According to a new study, climate change is pushing the planet’s tropical regions towards the limits of human livability, which threatens to plunge much of the world’s population into potentially lethal conditions.
What is Happening?
- The study, published in the journal Nature Geoscience, says that if governments fail to curb global temperature rise to 1.5C above the pre-industrial era, areas in the tropic band that stretches either side of the equator risk changing into a new environment that will “hit the limit of human adaptation.”
- Humans have a core body temperature that generally stays around 37C, while our skin is cooler to allow heat to flow away from the inner body. However, if the wet-bulb temperature- a measure of air temperature and humidity- passes 35C, high skin temperature will render the body unable to cool itself, which could have deadly consequences.
- Wet-bulb temperature is measured by a thermometer that has its bulb wrapped in a wet cloth, helping to mimic the ability of humans to cool their skin by evaporating sweat.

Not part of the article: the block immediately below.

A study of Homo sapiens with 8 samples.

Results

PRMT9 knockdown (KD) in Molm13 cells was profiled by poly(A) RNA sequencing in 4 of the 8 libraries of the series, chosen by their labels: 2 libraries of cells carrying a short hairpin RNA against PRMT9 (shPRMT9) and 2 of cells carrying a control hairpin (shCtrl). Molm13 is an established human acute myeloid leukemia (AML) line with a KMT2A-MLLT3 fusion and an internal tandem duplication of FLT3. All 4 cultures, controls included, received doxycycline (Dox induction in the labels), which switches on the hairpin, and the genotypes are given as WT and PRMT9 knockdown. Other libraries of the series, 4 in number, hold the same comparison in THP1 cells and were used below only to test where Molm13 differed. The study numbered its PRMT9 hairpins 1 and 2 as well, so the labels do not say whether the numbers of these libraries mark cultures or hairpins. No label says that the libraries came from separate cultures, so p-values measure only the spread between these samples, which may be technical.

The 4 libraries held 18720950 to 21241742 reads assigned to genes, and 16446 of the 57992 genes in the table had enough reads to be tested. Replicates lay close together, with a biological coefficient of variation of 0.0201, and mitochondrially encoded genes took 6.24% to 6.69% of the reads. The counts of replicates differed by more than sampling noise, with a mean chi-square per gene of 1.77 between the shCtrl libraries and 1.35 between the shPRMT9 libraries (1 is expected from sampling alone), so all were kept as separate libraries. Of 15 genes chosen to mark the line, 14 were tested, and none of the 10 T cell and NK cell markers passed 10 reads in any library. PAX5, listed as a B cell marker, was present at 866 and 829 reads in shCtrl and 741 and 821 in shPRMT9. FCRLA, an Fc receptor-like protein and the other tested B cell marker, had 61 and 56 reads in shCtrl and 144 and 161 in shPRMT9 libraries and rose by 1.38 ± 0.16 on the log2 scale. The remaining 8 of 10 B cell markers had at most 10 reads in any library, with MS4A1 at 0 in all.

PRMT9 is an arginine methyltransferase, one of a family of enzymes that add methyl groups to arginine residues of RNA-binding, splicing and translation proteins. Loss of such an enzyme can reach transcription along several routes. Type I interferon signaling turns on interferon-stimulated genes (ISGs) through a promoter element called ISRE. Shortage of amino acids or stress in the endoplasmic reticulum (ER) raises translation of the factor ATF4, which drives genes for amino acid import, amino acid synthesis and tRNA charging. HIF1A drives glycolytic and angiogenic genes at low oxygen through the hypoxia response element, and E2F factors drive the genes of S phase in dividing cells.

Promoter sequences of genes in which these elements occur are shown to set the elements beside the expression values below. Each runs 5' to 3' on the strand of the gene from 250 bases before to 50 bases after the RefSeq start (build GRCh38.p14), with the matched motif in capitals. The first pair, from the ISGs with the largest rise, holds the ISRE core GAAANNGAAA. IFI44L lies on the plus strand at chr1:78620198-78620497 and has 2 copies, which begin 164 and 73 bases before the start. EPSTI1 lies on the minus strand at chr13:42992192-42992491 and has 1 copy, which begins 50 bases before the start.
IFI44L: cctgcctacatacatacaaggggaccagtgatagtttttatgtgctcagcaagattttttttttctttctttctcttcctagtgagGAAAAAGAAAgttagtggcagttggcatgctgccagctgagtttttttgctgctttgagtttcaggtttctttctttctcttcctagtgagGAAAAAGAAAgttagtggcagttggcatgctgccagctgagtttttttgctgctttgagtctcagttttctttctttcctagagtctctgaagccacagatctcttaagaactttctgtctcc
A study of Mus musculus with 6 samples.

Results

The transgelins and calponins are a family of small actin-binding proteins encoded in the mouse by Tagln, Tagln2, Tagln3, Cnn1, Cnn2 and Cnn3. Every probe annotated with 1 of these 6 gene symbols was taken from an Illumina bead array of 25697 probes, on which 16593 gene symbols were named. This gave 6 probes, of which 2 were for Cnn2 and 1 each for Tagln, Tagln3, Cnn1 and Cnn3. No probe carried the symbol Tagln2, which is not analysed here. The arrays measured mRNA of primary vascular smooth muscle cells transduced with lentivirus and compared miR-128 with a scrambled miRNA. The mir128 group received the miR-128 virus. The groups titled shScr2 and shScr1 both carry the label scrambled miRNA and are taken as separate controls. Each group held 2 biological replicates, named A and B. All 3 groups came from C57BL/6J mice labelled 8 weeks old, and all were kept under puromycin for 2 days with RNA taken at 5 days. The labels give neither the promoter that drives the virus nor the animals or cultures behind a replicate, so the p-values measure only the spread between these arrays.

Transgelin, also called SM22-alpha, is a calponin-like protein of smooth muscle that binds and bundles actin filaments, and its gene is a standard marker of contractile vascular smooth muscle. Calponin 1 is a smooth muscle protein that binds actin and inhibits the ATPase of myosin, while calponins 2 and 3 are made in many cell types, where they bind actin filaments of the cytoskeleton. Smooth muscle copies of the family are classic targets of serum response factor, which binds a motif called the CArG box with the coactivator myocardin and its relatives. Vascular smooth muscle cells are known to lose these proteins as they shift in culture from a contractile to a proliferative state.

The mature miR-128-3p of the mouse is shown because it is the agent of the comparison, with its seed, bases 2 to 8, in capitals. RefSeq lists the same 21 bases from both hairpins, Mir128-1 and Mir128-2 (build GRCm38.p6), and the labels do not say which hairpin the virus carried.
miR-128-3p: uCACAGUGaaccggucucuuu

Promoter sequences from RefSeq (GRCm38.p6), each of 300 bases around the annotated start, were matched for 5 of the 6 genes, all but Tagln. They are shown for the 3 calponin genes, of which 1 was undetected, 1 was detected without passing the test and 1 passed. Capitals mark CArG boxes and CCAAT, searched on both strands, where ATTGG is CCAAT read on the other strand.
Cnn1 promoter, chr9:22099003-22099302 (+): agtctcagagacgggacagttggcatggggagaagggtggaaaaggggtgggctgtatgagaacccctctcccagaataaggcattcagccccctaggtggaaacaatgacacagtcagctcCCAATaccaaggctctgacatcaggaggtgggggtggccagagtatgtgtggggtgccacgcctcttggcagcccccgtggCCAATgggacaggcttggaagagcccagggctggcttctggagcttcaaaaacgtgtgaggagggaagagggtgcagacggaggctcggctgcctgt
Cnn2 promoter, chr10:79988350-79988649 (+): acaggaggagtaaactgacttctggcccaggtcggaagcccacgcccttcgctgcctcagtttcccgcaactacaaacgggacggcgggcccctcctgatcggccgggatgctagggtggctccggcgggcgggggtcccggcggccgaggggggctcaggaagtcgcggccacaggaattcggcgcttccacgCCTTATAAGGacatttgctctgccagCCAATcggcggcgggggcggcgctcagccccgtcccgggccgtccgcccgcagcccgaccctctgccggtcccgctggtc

- The team looked at different historical data and simulations to determine how wet-bulb temperature extremes will change as the planet continues to warm; they found that these extremes in the tropics increase at around the same rate as the tropical mean temperature.
- To avoid the wet-bulb temperature exceeding 35C, global temperature rise must be kept to 1.5C.
- However, the study found that even 1C of wet-bulb temperature increase “could have adverse health impacts equivalent to that of several degrees of temperature increase.” Scientists say that the 1.5C threshold could be reached within a decade.
- Around 40% of the world’s population currently live in tropical countries, which is set to expand to half of the global population by 2050. This study was centred on latitudes found between 20 degrees north, a line that cuts through Mexico, Libya and India, to 20 degrees south, which goes through Brazil, Madagascar and northern Australia.
- Elsewhere, extreme heatwaves could push parts of the Middle East beyond human endurance and livability, with rising temperatures from climate change also posing enormous risks for parts of China and India.
- The number of potentially fatal humidity and heat events around the world doubled between 1979 and 2017, with the coming decades set to see as many as 3 billion people pushed beyond the historical range of temperature that humans have survived in over the past 6 000 years.